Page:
Sound — 8
Sleeping With Sirens, formed in 2009, is a relatively new post-hardcore band hailing from Orlando, Florida. Led by Kellin Quinn's powerful, feminine (in a good way) vocals, this band sure packs a punch. They are as hard-hitting as ever in "Feel," their third album. The fast tempos and simple distorted riffs create a heart-pumping atmosphere that keeps the party going all night long.
Though the riffs are simple and guitar solos are virtually non-existent, Sleeping With Sirens shows a high level of musicianship. When Quinn's powerful vocals are not smacking you in the face, the guitars take his place. While these descriptions may be indicative of the post-hardcore genre in general, I would definitely say that this album is far above the average. Kellin Quinn's vocals, especially, help this album stand out above the rest. His unique voice perpetuates the fun from beginning to end. It is easy to hear the feeling and soul in his voice, distinguishing him from the typical modern punkish voice easily seen in Periphery's Spencer Sotelo among others.
On the guitar side of the equation, the heavily distorted tone remains constant throughout the album. When listened to closely, it is hard to find a large degree of dynamics in the guitars, yet if the listener pays attention to the song as a whole, this is not apparent. In keeping with tradition (kind of), the introduction of the songs features the best guitar work where the main riff is apparent. In the verses and chorus, primarily power chords are used to provide texture and a backbone for the vocals. This less-is-more mentality adds to the value of each song individually. Basically, the guitars are plainly prevalent when they should be and it is easy to pay attention to the vocals when it is warranted.
On the other side of the instrumental equation, hardly noticeable keyboards thicken the sound and add a nice texture in some of the songs. The drums, while not groundbreaking, fit the songs very well. My opinion of them is high because they appear to change constantly between the songs. Honestly, they probably dont change that often but they, like everything else on the album, is a cut above the average performance. On a side note, the first song on the album eases the listener into the record and then every song thereafter begins with the usual heart-pumping beat. This is opposed to starting the first song in this fashion which could result in the proverbial punch to the gut of the listener who may be unprepared for what they are about to hear.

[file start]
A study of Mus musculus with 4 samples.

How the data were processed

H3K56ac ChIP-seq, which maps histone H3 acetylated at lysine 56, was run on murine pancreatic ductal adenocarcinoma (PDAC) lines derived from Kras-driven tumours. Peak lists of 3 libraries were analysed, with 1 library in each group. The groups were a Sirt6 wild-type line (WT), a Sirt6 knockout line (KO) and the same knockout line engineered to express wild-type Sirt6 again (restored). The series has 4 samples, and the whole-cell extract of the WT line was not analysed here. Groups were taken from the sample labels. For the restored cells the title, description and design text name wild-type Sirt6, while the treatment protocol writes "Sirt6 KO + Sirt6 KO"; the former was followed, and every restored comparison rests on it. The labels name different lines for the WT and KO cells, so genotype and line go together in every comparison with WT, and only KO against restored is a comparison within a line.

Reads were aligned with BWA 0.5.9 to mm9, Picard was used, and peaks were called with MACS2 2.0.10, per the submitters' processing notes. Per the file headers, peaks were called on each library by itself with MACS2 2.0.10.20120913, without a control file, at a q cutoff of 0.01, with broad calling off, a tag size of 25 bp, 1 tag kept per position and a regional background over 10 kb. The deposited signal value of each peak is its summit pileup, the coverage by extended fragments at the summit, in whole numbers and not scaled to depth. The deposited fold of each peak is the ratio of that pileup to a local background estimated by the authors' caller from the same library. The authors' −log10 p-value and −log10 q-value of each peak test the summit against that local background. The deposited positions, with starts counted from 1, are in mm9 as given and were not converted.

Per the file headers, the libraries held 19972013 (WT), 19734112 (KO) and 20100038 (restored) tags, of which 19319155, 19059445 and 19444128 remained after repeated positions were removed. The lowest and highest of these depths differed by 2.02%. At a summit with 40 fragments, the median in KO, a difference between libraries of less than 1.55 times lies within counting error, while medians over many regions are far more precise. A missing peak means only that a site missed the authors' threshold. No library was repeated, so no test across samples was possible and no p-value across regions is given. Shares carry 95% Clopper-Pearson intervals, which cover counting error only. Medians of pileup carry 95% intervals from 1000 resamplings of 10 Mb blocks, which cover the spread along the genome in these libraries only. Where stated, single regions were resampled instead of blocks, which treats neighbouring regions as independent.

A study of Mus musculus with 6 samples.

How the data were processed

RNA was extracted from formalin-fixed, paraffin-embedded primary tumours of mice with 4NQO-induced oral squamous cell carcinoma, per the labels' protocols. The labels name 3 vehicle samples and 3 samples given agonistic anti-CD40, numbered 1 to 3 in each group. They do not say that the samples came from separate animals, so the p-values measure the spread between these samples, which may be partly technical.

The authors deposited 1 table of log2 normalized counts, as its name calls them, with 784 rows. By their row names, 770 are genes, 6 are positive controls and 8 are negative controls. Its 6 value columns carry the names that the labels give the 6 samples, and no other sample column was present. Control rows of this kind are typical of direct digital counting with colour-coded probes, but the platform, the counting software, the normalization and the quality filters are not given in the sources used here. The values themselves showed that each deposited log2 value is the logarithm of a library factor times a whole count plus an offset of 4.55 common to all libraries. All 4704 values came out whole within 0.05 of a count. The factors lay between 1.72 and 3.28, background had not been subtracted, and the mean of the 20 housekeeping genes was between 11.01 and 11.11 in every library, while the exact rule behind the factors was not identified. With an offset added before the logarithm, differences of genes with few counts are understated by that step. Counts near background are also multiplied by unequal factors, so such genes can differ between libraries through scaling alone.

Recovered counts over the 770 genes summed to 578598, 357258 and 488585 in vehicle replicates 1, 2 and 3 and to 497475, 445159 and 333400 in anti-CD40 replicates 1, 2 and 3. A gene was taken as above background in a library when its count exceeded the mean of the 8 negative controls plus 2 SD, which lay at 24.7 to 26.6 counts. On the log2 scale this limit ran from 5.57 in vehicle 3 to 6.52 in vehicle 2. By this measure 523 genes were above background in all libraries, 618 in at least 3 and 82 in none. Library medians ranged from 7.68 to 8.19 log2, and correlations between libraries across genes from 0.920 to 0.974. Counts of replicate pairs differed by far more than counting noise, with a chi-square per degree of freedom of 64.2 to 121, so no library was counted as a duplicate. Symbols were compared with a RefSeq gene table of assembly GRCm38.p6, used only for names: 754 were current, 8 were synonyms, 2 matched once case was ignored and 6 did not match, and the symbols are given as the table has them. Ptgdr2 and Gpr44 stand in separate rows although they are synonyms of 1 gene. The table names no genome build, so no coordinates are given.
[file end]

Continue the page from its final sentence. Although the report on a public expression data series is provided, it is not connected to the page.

Lyrics — 9
After a little bit of research, I found that Kellin Quinn is considered to have a Leggiero Tenor vocal range. And boy does it make sense. His combination of power and pitch is unlike what I have ever heard before. I mean, there are a multitude of singers who sound similar but I have never heard a voice of this sort with as perfect a combination as Kellin has.
Aside from his vocal ability, I thought that his harmonies were well placed throughout the songs and that his melodies fit the music just as well. The lyrics did not have the same effect on me though, again, the melody by which he sang the lyrics did. The lyrical rhyming scheme somewhat impressed but their content isn't new. Of course, the Sex, Drugs, Rock and Roll mantra hasn't lost steam since it started so the lyrics are definitely not the worst thing that they could have done. They're just not groundbreaking or soulful.
My favorite lyrics (sexually explicit depending on your standard) are from "Dj Vu":
"You know I love it when your hair's pulled back
Ugh, it drives me crazy
You know I love it when you look like that
Tell me what you want to do.
You know I love to get the sheets messed up
Put your hands on my chest because it might get rough
Don't stop me baby 'til you've had enough
Come on, come on, come on!
With my hands all over you
There's nothing I can do
Feels like were having dj, dj vu
Got my hands all over you
There's nothing I can do
It's like we're having dj, dj vu!"
Overall Impression — 8
Overall, "Feel" is definitely Sleeping With Sirens' best album yet. The only poor tracks in my opinion are the last two, "Sorry" and "Satellites" because I do not think that Sleeping with Sirens does ballads really well. The best tracks are "Here We Go," "Dj Vu," and "These Things I've Done." Each of these tracks shows the best collection of riffs and vocals on the album. The drums, keyboard, and bass remain fairly constant. Again, though the drumming style is constant across the album, it is well calculated and executed, leading to an above average experience. On a different note, the word "feel" is used throughout the album taking the listener back to the album's title, bringing a unity to the album.
To sum it all up, "Feel" brings the party all night long.